Washington. Like many others before him, Gordon Sondland, the US ambassador to the European Union, was appointed to a plum diplomatic post by a grateful president.
The wealthy hotelier donated $1 million to President Donald Trump's inaugural committee and was rewarded with the coveted job in Brussels.
Ambassadorships have long been doled out by American presidents -- both Democrats and Republicans -- to loyal supporters, and many political appointees have served with distinction.
Others less so.
And then there's Sondland, whose involvement with Ukraine has made him a central figure in the House of Representatives impeachment inquiry into Trump for abuse of power.
"This has been a very bad experience for me," Sondland said last month during a nearly 10-hour grilling by members of the House committees conducting the impeachment investigation.
In his sworn testimony, Sondland initially said he was unaware that US military aid for Ukraine was being held up in exchange for a probe by the Ukrainians of Trump's potential 2020 election rival Joe Biden and his son Hunter, who served on the board of a Ukrainian gas company.
Facing potential perjury charges, Sondland was forced to make a humiliating about-face this week as he amended his testimony to state that he was in fact aware that this was the case.
Sondland's tribulations have become fodder for late-night comedians, and he could be forced to repeat his testimony in full public view as the House switches from closed-door to open hearings.
Sondland landed in his current predicament through a rather circuitous route.
The Seattle-based chairman of the Provenance Hotels group, which owns 19 hotels around the US, mostly in the Pacific Northwest, Sondland describes himself as a "lifelong Republican."
He supported former Florida governor Jeb Bush's bid for the 2016 Republican presidential nomination before switching his allegiance to Trump, the eventual nominee.
Sondland's nomination as US envoy to the 28-member EU was confirmed by the Senate in June 2018 and he took up his position in Brussels the following month.
How Sondland ended up dealing so closely with Ukraine is something of a mystery -- even to his colleagues at the State Department.
"There was some discomfort within the State Department with Ambassador Sondland's role in Ukraine," William Taylor, the charge d'affaires at the US Embassy in Kiev, said in his testimony to the House impeachment committees.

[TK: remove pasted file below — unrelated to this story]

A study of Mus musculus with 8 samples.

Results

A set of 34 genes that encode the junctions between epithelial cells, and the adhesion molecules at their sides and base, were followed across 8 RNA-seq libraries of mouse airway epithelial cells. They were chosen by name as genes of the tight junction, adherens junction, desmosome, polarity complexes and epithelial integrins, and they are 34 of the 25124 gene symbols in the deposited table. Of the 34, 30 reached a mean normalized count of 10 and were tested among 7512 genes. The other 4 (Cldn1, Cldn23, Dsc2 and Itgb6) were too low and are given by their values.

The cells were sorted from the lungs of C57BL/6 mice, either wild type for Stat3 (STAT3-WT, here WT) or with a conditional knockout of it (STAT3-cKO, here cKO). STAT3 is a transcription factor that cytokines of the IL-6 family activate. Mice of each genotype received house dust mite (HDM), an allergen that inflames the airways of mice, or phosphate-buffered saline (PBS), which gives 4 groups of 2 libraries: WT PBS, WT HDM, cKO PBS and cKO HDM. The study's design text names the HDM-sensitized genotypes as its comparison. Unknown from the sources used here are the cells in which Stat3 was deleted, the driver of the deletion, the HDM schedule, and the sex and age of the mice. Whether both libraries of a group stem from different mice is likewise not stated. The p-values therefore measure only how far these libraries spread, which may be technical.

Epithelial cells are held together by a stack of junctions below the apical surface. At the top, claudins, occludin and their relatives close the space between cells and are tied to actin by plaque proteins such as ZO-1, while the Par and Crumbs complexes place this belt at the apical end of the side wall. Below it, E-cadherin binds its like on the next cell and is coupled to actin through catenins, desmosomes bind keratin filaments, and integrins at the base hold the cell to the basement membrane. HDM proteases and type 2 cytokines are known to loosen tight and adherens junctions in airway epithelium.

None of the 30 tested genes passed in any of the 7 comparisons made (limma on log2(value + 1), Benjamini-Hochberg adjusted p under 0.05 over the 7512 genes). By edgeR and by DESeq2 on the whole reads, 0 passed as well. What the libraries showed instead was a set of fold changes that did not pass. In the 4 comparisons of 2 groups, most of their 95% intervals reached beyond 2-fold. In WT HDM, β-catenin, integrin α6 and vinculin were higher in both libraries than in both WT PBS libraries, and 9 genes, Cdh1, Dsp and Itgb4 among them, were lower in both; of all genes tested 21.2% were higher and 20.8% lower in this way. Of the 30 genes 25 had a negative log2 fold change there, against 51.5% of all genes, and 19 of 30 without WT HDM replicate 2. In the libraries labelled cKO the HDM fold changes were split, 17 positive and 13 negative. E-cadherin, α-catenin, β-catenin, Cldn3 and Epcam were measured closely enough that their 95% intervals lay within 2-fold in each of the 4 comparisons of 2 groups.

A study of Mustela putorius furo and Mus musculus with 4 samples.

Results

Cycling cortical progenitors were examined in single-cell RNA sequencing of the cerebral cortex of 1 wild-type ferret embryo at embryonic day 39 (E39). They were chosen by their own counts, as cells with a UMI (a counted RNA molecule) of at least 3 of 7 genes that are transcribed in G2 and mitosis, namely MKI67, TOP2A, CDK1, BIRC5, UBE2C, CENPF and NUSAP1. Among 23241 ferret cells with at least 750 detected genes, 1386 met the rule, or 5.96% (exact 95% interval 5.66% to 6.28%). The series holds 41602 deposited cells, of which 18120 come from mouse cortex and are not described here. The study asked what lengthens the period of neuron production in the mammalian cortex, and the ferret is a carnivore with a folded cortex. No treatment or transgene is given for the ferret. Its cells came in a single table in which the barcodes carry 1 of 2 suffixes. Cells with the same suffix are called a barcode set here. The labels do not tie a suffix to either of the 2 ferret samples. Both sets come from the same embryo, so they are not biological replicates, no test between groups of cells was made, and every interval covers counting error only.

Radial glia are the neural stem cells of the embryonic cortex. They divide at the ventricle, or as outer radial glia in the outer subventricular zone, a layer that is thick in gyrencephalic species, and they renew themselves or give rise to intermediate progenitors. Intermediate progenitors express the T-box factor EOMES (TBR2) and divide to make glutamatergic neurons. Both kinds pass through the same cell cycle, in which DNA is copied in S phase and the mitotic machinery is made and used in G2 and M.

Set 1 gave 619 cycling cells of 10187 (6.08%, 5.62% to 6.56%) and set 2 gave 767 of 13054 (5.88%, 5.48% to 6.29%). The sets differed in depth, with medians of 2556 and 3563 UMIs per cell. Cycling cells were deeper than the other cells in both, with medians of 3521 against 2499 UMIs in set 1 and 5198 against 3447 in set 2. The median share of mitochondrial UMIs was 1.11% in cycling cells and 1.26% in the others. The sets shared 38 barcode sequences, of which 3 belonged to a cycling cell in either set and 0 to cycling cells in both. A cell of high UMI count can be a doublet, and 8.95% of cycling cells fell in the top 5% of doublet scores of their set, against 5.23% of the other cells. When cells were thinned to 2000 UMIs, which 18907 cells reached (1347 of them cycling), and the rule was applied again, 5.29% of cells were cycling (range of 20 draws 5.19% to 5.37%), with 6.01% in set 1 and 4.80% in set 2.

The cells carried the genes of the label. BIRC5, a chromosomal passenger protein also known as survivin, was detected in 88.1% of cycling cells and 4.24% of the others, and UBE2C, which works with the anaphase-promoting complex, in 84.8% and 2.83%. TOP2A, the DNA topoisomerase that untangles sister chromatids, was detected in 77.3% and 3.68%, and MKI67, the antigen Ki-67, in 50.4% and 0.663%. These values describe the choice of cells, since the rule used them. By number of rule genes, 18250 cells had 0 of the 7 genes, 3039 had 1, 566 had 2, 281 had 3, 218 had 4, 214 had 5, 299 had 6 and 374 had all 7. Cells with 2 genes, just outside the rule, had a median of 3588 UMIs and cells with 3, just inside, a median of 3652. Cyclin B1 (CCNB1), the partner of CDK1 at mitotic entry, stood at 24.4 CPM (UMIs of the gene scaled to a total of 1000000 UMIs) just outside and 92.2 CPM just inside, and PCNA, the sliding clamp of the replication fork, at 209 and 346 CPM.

Ukraine, Taylor pointed out, "is not in the EU."
Taylor was not the only one mystified by Sondland's involvement with Ukraine, which was also being privately pressured by Rudy Giuliani, Trump's personal attorney, to dig up political dirt on Biden.
"Why he is involved in these Ukrainian negotiations is mysterious to me," said Michael McFaul, who served as US ambassador to Russia under PresidentBarack Obama.
Nicholas Kralev, author of "America's Other Army," a book about the US diplomatic corps, said he had asked himself the same question.
"I don't know the ambassador to the EU," Kralev told AFP. "But every day I hear his name, I ask myself, why was the EU ambassador dealing with Ukraine?"
Sondland, for his part, said that he had been instructed to do so by Secretary of State Mike Pompeo and then-national security adviser John Bolton on what he assumed was Trump's authority.
"My role has been to support my colleagues in the State Department, for whom Ukraine issues are a ful1-time job, and to lend my voice when helpful," he said.
Kralev, executive director of the private Washington International Diplomatic Academy, said the Trump White House, in naming Sondland to a high-profile post, was following in a tradition dating back decades.
"Historically, if we look at the numbers, there has been an unwritten rule that we give two-thirds of our ambassadorships to career Foreign Service officers and one-third to political appointees," Kralev said.
"The career Foreign Service has no problem with political appointees," he added. "In fact, in every bureaucracy, you need to have those people because you need new blood, new ideas."
Kralev said the Trump White House, however, has named more political appointees to ambassadorships than previous administrations, "exceeding the one-third that historically we have seen."
In general, "these people are not considered based on their qualifications," he added. "They're considered based on either how much money they donated or by how much they fundraised."
Kralev said Sondland's experience could perhaps lead to a reassessment of the practice.
"There's no other country that has so many political appointees," he said.
"Maybe this is an opportunity, to use the impeachment inquiry and all the attention that's being given to these diplomats, both career and political, to raise awareness of this," he said. "Most Americans have no idea about it."